Someone contacted Rolypig.com and asked about putting paper towels in compost. Everyone uses paper towels, they are highly convenient and relatively cheap. Whenever there’s a spill it’s so easy to grab one from the roll to mop up and you’re done.
But where do you dispose of it? All to often people throw it out to add to the landfill trash-collection. The answer is: Yes you can put used paper towels in the compost. There are, however, exceptions. If you’ve been mopping up non organic materials, then, this should go to landfill. It would depend on what substance is being wiped up. If you are mopping up any extra-strong cleaning chemicals, you need to think twice before adding it to the compost. Most of the time, due to the small quantities involved, there won’t be a problem but you need to give it some thought.
Things to think about:
1. Paper towels soaked in food-waste or spilt drinks
This can go straight into the compost bucket to be taken to the compost bin.
2.Paper towels soaked in oils, fats or grease
This is safe to go into the compost. These substances are a high-energy feed in the microbial world. They will break down very quickly when enough of the required microbes gather around.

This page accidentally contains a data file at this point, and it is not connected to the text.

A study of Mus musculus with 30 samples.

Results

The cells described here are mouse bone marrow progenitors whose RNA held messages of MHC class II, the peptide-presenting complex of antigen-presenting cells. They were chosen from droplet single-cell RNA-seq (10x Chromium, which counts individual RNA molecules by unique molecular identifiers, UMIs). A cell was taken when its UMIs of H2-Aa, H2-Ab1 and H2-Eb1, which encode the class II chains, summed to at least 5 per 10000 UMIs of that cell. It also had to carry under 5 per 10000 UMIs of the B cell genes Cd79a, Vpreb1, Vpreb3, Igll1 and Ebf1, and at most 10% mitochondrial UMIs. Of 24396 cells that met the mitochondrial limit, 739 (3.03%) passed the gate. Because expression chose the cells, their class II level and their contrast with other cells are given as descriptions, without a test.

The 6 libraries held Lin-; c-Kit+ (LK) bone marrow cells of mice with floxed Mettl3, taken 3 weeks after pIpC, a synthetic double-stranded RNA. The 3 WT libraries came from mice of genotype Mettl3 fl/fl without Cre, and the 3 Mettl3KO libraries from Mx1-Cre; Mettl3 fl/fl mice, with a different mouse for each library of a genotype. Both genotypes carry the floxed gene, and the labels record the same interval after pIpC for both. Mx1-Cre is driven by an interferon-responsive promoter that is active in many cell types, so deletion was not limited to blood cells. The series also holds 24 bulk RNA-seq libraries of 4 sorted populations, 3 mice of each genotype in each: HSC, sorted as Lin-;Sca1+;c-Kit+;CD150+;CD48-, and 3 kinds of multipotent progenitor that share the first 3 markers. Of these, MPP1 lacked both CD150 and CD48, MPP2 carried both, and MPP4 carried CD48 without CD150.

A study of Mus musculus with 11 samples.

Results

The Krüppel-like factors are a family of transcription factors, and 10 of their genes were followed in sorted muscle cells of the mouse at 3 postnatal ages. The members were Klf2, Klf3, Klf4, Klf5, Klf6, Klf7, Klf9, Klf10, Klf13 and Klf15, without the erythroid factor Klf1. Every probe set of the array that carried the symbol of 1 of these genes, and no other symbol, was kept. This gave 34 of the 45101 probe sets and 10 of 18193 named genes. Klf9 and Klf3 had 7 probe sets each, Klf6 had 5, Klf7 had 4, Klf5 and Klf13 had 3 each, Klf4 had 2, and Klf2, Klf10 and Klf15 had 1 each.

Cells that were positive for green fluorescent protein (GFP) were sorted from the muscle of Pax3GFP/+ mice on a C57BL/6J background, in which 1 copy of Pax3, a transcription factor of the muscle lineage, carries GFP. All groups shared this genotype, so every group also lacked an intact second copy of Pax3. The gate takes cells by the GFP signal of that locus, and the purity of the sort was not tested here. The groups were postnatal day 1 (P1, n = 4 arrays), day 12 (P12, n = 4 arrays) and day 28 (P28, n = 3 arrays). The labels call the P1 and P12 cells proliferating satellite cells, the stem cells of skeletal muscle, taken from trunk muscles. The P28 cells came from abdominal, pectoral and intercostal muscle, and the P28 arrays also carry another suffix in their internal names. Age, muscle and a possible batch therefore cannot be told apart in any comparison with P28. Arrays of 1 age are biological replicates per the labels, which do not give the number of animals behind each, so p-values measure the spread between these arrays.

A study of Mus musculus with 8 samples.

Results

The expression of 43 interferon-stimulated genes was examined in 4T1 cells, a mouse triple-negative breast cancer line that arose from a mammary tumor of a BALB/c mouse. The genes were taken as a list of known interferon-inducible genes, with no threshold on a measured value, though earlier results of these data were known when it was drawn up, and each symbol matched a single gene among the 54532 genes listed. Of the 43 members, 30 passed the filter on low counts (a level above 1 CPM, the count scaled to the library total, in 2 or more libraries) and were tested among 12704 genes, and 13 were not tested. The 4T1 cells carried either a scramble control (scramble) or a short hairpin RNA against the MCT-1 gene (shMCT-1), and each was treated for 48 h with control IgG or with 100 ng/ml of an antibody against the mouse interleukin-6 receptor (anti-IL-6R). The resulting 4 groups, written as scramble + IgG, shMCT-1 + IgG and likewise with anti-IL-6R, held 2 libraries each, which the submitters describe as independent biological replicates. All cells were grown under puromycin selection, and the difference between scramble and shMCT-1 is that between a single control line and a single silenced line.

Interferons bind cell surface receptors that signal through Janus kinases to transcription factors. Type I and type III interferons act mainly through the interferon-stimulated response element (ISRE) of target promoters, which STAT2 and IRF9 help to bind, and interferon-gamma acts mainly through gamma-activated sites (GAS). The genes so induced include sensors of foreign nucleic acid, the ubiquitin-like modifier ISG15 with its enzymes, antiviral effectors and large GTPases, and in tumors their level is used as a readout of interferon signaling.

3. Paper towels soaked in washing up detergent
Some say that detergents will break down, over time, into harmless compounds and that it won’t adversely affect compost. It will depend on how much detergent is involved but if we’re considering a small amount, then, for convenience, it shouldn’t be too much of a problem if it goes in with compost.
4.Paper towels soaked in spilled paint
You definitely need to keep this out. There are no paints that would be welcome among the microbes that are trying to turn ‘green’ kitchen waste into compost.
If you feel confident about the subject and you know what you are doing you may feel that the quantities involved will have minimal effect. If so, then go ahead. For most of us it’s usually better to play it safe and keep anything that’s a possible contaminant out of the compost.
Paper towels are like any other paper product. Most of the paper products in our lives originate from wood-fibre. This is ground down, turned into a pulp and then bleached white before being rolled out to make the thin paper that we recognize.
Originating from wood they can be categorized as a carbon ‘brown’ when adding to compost. It makes no difference if the paper towel is wet or dry. Paper towels will become soggy in the compost if they go in dry.
Most compost heaps that are made up of kitchen waste tend to be high in nitrates, ‘greens’. Given this, it’s unlikely that you will over do the number of paper towels going into the compost, when you get into the habit. It’s quite likely that you will need to add even more shredded paper or cardboard to provide enough carbon ‘browns’.